March 28, 2012 (California) -- California is home to the greatest number of women-owned firms in the country, with an estimated 1,063,700 women-owned firms, employing 977,600 and attributing to roughly $189,529,000 billion as noted by the State of Women-Owned Businesses Report, commissioned by American Express OPEN.
Similar to the first report released this time last year, the unique analysis, reported by industry, revenue and employment size at the national and state levels, shares a new and nuanced investigation into the growth trends among the 8.3 million women-owned enterprises over the past 15 years.
Nationally, the number of women-owned businesses has increased 54% since 1997. California is ranked 20 (51.8%) in growth of number of firms over the past 15 years and 33 (56.4%) in growth of firm revenue between 1997 and 2012.
To flesh out more on the state of California women-owned businesses, American Express OPEN can put the public in contact with Julie Weeks, American Express OPEN Research Advisor, who can run through the data and weigh-in on key state-based or national findings. American Express OPEN can also offer interested parties California-based women business owners who can provide firsthand accounts of their situations.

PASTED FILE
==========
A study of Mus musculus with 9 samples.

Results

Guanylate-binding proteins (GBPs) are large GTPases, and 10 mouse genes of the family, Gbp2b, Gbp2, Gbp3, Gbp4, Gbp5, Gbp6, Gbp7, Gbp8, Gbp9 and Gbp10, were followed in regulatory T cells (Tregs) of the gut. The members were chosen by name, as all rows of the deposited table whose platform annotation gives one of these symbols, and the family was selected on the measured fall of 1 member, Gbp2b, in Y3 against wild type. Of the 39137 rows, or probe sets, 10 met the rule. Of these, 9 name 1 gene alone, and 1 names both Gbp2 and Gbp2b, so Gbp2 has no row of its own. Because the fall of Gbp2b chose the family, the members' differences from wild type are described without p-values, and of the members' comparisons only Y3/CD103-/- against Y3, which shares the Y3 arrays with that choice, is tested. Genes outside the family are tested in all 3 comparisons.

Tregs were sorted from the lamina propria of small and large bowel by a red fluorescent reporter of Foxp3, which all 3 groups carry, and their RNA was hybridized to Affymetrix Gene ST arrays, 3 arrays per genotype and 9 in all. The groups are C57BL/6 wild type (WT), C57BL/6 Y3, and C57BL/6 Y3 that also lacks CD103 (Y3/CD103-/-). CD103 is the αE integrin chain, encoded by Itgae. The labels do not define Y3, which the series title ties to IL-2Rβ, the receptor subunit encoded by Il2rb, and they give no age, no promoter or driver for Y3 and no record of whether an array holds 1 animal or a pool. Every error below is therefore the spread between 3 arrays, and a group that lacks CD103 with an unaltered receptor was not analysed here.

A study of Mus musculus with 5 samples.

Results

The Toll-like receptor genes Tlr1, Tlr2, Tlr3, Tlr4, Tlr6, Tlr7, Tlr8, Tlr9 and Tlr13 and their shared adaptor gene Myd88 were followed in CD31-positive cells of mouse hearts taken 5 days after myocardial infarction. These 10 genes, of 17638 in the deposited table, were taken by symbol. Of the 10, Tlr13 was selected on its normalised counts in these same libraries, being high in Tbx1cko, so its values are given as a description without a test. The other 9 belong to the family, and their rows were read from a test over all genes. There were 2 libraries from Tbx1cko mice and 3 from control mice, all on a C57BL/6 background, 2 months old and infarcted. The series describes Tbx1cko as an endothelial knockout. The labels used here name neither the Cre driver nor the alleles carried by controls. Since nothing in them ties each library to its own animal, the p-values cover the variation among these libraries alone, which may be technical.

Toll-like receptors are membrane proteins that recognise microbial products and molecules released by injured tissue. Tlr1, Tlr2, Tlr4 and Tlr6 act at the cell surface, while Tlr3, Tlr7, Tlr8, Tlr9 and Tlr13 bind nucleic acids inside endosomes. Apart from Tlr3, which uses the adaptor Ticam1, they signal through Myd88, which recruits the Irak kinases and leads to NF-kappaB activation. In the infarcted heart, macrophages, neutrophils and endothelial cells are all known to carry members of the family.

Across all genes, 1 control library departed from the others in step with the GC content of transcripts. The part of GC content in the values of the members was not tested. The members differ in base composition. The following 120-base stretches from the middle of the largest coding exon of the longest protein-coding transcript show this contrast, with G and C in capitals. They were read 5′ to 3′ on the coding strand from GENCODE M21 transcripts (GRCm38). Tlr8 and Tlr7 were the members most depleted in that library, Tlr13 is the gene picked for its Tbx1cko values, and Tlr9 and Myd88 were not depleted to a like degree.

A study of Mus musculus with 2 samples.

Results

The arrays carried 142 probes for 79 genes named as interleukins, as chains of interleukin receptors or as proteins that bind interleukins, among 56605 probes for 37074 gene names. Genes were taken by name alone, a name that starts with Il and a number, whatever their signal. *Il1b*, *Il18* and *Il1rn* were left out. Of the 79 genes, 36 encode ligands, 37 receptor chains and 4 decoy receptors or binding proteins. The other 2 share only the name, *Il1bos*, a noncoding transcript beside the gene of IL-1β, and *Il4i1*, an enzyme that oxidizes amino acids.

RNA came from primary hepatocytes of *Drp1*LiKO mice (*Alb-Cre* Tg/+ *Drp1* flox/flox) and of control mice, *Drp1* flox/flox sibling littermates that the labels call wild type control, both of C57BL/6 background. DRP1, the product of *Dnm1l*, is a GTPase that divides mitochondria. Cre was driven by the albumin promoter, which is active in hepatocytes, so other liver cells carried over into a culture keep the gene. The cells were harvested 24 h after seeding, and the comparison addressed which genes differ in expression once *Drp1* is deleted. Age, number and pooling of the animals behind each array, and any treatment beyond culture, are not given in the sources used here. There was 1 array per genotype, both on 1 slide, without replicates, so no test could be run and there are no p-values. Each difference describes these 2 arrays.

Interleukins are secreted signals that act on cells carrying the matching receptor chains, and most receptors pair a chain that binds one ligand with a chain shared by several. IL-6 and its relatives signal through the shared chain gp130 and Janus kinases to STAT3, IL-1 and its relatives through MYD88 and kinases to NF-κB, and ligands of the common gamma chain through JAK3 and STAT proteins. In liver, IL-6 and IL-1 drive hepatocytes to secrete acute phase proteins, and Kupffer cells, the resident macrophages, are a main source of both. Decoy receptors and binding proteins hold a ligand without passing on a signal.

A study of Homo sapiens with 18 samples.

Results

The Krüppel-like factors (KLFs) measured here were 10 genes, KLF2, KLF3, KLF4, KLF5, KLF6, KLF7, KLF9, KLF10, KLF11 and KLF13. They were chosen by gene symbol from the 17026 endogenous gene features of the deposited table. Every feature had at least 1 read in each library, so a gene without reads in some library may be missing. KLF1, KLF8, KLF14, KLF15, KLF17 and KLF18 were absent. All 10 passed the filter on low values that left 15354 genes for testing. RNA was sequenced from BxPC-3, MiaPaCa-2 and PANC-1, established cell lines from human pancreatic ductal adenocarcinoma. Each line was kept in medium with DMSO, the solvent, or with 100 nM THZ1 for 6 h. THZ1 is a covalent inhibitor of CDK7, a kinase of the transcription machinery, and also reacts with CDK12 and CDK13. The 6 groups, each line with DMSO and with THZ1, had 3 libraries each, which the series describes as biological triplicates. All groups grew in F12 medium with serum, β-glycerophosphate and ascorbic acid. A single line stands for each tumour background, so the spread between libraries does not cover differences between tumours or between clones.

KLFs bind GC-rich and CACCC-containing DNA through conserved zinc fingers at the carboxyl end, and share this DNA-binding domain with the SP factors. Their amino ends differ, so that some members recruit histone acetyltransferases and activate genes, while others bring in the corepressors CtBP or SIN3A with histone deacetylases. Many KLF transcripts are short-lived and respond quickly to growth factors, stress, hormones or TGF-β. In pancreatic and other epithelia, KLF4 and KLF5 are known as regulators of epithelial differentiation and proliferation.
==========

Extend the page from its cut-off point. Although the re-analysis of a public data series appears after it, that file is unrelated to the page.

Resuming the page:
See Table comparing California’s Women-Owned Firms data to the national numbers.
The full State of Women-Owned Businesses Report, commissioned by American Express OPEN, is available at: http://www.openforum.com/womensbusinessreport.
"Bin Laden is dead and General Motors is alive"
In a blistering speech Thursday in New York, Vice-President Joe Biden suggested that Democrats print a campaign sticker: "Bin Laden is dead and General Motors is alive." Biden also touted President Obama's foreign policy recordas reported by Michael A. Memoli in the Los Angeles Times.
U.S. likely to see profit on bailouts
The government may gain up to $163 billion over the next 10 years, the Treasury says, according to a story by Jim Puzzanghera in the Los Angeles Times, April 14, 2012. The Obama administration probably will make a profit on all the bailout money spent to prop up banks and other companies, as well as struggling homeowners, devastated by the Great Recession, according to the latest federal projections, again according to the story by Jim Puzzanghera. Over the next 10 years, the taxpayer-funded bailout could produce as much as $163 billion in profits, in a best-case scenario, from re-payments, stock sales, dividends and interest paid by banking and insurance firms, mortgage finance companies and automakers, as stated in the Los Angeles Times story by Puzzanghera.